Gondola, Double Eagle 2

    Double Eagle 2 Gondola

    Double Eagle 2 Gondola at the Steven F. Udvar-Hazy Center in Chantilly, VA.


    The flight of the Double Eagle II balloon came to a safe and successful end in a wheat field near Miserey, France, about sixty miles northwest of Paris, on August 17, 1978. The event closed a chapter in the history of flight that had begun when the first human beings ventured aloft in 1783. At long last, the crew of Ben Abruzzo, Maxie Anderson, and Larry Newman, all of Albuquerque, New Mexico, had crossed the Atlantic Ocean. The success of the Double Eagle II, after so many others had failed, was not simply a matter of luck. It can be attributed to a combination of twentieth-century technology, better understanding of weather patterns, and the skill and experience of a crew who achieved one of the oldest goals in flying.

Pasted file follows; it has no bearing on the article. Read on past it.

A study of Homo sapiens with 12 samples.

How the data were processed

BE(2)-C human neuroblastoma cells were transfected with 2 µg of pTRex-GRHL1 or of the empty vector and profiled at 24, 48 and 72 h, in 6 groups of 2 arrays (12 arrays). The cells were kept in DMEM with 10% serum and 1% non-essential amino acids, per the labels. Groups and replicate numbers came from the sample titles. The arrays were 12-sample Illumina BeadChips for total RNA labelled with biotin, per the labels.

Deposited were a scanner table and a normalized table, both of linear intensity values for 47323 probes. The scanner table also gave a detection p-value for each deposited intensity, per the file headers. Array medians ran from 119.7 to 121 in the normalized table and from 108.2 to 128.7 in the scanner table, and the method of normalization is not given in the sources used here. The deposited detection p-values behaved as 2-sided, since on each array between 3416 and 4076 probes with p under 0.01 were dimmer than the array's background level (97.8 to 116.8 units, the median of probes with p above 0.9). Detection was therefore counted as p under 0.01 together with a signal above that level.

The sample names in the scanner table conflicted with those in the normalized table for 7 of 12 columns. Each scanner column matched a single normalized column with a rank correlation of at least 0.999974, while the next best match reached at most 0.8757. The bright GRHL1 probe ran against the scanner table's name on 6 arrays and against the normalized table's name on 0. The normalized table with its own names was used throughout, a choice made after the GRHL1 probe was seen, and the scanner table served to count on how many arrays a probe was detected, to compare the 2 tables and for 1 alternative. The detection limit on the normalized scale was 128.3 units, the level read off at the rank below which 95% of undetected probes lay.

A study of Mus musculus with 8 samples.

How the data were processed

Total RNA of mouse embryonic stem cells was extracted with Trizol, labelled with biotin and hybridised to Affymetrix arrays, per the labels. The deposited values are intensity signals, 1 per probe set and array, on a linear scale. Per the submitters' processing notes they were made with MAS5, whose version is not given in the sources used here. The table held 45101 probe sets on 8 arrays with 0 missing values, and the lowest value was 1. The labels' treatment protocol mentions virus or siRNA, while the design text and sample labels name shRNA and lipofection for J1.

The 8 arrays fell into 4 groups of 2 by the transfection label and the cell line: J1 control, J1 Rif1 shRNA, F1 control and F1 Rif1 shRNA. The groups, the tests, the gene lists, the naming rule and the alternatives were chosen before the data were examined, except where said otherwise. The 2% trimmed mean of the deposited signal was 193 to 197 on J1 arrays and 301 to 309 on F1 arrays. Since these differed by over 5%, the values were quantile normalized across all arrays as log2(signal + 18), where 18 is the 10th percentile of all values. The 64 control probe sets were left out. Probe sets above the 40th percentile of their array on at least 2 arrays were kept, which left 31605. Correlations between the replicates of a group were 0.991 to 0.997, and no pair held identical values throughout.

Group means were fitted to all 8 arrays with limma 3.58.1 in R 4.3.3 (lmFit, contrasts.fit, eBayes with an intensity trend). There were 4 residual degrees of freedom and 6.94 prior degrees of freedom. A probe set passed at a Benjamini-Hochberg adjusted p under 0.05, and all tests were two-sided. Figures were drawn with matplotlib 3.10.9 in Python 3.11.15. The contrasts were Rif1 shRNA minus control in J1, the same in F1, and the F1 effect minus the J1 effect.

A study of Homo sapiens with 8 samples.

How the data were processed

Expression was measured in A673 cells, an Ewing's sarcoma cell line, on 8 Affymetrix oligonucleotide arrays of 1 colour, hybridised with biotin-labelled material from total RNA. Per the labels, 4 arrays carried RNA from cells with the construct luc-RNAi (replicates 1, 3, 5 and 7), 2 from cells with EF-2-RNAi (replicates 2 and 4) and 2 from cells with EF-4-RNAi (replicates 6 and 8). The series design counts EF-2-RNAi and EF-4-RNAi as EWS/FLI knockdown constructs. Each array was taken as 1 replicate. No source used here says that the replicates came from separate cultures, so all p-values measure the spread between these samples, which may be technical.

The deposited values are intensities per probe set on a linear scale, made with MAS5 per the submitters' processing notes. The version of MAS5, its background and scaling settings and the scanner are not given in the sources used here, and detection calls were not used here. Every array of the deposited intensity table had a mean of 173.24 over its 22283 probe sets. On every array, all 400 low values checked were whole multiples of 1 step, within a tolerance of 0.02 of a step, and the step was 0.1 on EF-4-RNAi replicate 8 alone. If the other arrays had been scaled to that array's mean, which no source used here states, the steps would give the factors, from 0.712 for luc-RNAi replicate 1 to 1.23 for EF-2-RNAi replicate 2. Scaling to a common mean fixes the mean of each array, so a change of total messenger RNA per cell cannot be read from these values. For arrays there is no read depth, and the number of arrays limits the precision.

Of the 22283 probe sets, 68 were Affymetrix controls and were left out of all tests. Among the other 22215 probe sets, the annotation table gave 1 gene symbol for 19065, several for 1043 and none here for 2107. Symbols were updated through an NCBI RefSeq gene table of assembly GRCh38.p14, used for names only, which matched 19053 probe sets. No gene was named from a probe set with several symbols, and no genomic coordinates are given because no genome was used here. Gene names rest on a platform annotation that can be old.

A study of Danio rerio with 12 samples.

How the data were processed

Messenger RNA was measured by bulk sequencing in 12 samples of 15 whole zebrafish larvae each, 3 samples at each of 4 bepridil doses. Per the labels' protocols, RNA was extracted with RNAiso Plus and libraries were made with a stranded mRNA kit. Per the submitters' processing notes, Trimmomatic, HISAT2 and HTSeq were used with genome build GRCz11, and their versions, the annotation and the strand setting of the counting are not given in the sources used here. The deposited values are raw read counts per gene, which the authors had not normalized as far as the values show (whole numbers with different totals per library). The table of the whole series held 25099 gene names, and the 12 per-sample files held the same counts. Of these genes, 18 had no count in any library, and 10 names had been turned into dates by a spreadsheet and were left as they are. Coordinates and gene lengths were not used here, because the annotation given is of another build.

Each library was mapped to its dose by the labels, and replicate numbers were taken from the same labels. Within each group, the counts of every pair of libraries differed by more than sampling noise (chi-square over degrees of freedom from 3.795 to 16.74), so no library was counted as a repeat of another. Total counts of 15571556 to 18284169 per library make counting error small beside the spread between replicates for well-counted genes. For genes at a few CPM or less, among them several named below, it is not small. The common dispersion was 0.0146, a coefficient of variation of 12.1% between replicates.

Boeing Aviation Hangar

The flight of the Double Eagle II balloon came to a safe and successful end in a wheat field near Miserey, France, about 60 miles northwest of Paris, on August 17, 1978. The event closed a chapter in the history of flight that had begun when the first human beings ventured aloft in 1783. At long last, a crew of balloonists had crossed the Atlantic Ocean.

Ben Abruzzo, Maxie Anderson, and Larry Newman, all of Albuquerque, New Mexico, completed the first balloon flight across the Atlantic, flying the 3,100-mile flight from Presque Isle, Maine, to Miserey in 137 hours, 6 minutes. Lift-off had been at 8:42 p m on August 11. Their helium-filled balloon, the Double Eagle II, was 112 feet high, 65 feet in diameter, and had a capacity of 160,000 cubic feet. Abruzzo, Anderson, and Newman rode in a 15 x 7 x 4 1/2-foot gondola named The Spirit of Albuquerque, equipped with a twin-hulled catamaran that would float in case of an emergency water landing. Also carried along by Newman, a hang-glider pilot and owner of a hang-glider manufacturing company, was a glider which was attached to the gondola with the idea of using it for the descent at the end of the flight. It had to be cast off to lighten the balloon, however, before the crew reached their goal.